Thursday, May 10, 2007


I have always liked my hair, even though brown hair isn't quite as glamorous or exotic as some other options. My hair is soft, full, thick, and healthy. One of my favorite things about it are the strands of bright copper that are sprinkled throughout my hair, visible only in certain light. They look metallic, more like copper tinsel than human hair, but the same texture as the rest of my head.

Lately, the copper strands have been matched and are quickly being out-paced by the development of pure, shocking white strands. The white hairs are more wirey, curlier, and just as metallic-looking as the copper strands. I am trying to embrace this, but am failing.

Another natural part of aging is becoming one's mother. We all become our mothers, it is said, and I've been rather looking forward to it. My mother has spent her life trying not to be her own mother, and has had some terrific successes.

If I become my mother, I will be thin and fit, running several miles several times a week. If I become my mother, I will be able to manage a budget and get straight A's in grad school while running a household. If I become my mother, I will be an excellent mother. I will approach motherhood like any other high-powered career, preparing the each day's activities in advance.

When my children are bored, I will have wonderful, creative activities for them to do. My children will brag about me and share stories of the things I've done for them for years to come. Who wouldn't want to be my mother?

But as my mother ages, I think she's changing.

Did she used to just hide her feelings from us, or has she always been so negative, critical and judgemental?

One of the things we tease my mom about is her willingness - almost eagerness! - to accept any discomfort to avoid telling anyone what she really thinks. Martyrdom suites her. But lately . . .

"You have to do this with your daughters."

"You're crazy to do that with your daughters."

"Sarahlynn, that's horrible! You sound like my mother!"


My mom was a special education teacher. A learning disabilities resource room teacher, to be exact. Then she became a school diagnostician, the person who tests kids for inclusion in various special ed services. And now she's a school psychologist, and spends lots of her time in meetings with school officials and parents, trying to find the right diagnosis and educational solution for each child.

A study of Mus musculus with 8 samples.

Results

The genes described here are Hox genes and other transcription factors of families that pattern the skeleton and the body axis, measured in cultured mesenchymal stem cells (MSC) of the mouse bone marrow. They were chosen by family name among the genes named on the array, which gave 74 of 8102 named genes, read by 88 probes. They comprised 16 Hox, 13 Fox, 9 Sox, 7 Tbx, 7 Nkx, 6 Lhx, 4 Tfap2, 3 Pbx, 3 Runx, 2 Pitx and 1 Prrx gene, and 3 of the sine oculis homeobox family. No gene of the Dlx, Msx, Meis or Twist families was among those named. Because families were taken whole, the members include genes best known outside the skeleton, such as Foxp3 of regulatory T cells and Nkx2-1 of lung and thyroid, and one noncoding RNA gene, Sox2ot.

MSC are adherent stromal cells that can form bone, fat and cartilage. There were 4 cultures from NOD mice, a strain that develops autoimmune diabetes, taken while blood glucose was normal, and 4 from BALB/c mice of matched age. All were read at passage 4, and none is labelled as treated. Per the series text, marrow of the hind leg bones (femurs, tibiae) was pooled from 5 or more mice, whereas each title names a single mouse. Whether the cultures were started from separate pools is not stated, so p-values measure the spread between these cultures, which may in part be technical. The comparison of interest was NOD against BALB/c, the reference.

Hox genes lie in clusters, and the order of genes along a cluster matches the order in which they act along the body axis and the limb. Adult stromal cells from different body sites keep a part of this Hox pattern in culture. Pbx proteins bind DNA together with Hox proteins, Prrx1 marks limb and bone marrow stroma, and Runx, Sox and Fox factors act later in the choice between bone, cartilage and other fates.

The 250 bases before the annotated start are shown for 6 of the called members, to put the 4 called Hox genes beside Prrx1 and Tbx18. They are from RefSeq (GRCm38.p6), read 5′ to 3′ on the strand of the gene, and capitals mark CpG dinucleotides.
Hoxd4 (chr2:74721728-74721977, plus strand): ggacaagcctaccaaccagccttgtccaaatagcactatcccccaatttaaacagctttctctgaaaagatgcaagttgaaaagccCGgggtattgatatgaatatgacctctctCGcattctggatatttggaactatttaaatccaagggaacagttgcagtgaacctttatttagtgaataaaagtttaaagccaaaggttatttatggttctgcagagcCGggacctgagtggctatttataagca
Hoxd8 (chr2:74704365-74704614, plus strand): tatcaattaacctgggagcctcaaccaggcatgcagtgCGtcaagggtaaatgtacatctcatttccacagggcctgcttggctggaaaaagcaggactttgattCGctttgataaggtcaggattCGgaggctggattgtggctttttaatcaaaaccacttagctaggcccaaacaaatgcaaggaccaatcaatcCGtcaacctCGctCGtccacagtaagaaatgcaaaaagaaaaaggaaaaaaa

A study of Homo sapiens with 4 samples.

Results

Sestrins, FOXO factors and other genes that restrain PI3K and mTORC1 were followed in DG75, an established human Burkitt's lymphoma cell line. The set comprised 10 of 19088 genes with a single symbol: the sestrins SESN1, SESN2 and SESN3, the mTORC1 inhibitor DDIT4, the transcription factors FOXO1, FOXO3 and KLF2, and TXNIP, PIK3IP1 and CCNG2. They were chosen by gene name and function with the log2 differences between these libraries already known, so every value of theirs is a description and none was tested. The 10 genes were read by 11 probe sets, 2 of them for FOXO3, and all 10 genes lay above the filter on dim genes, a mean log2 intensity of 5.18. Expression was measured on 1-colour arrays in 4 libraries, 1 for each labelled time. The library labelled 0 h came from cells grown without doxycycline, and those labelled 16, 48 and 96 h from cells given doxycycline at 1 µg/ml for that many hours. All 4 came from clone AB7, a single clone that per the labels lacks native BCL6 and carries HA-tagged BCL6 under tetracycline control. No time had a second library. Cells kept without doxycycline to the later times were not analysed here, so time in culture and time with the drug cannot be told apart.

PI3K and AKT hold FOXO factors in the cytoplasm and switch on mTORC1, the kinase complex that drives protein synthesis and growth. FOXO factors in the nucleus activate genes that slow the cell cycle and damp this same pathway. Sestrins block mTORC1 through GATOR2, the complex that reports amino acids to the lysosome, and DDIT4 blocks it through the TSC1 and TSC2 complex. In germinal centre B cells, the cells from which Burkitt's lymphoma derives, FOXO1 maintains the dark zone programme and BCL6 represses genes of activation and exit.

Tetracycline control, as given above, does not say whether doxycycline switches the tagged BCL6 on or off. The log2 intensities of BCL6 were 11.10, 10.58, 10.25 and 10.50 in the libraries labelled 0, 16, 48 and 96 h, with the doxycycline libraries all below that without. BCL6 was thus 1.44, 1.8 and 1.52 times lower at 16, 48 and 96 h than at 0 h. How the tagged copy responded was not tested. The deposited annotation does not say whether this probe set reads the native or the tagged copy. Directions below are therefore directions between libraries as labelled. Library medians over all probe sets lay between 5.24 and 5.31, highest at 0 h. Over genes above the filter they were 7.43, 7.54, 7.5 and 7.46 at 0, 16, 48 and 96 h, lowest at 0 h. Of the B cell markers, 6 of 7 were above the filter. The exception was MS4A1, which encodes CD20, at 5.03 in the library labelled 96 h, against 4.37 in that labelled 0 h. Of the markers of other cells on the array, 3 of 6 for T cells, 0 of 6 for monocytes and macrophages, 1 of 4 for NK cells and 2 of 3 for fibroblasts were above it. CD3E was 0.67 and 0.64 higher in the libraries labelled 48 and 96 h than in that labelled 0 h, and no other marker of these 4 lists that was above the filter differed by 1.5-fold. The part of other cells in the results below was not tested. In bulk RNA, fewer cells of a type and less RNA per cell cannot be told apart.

She's becoming increasingly bitter, and, especially given the communities she serves, I can imagine the tendency toward burn-out for people in her job.

Still, I was stunned recently when she expressed frustration at the mothers who work jobs that keep them out of the home in the late afternoons/evenings, especially when the kids don't have a great dad at home to help raise them.

"When the kids are young, you just find a different job," she said. "I don't care how; you just do it. There are things more important than money." Among the unacceptable jobs some of the mothers had were waitress and school custodian.

Wow. This is my mom, the liberal from a large extended family of liberals, most of whom choose jobs (clergy, social work, teaching) based on helping people, rather than making vast sums of money. These are people who are usually so sympathetic, who see the various sides of a problem, who go (almost too far) out of their ways not to be judgemental. It's . . . stunning to see how she's aging, and, yet, almost inevitable.

She used to lecture me about the mind being like a steel trap, tending to close tighter and tighter as we age, so that we must work ever harder to keep it open.

My mom's hair used to be such a dark brown that it looked nearly black. It's pure white now, and she looks exhausted. I hope that I'm in a position, as I age, to indulge myself with things I love to do, things that energize me, rather than feeling tethered to things that hurt and exhaust me.

As much as I love and admire her, perhaps I don't want to become my mother after all. I might even dye my hair.


Jessica said...

Really great post, Sarahlynn...

ccw said...

I can relate. A friend and I just had this conversation the about our changing mothers the other day. My mom was so liberal and nonjudgemental when I was growing up but some of the things she says these days make my toes curl. I find myself wondering where the woman who struggled to raise me has gone.

My hair has always been blonde and it will stay blonde even if Mother Nature wants to make it darker each year.

Beth said...

Great post.
Hey! Saw you quoted in the NYT today!

Anonymous said...

Wonderful post. Congratulations on the post in the NY Times.

Sarahlynn said...

Thank you, Jessica and CCW.

Thanks, Beth and Rebecca! It was fun and a little exciting. I am impressed with how thorough the reporter was! (A few phone conversations and a few more emails, all for one short quote.)

Amanda said...

Fight the grays/whites. We are too young to look old. I just bought a box of color from the Super Market here for around 5 pounds. I can't remember it costing $10 in the states but maybe it does. I've noticed changes in my mother as she ages as well. You put it quite elequently.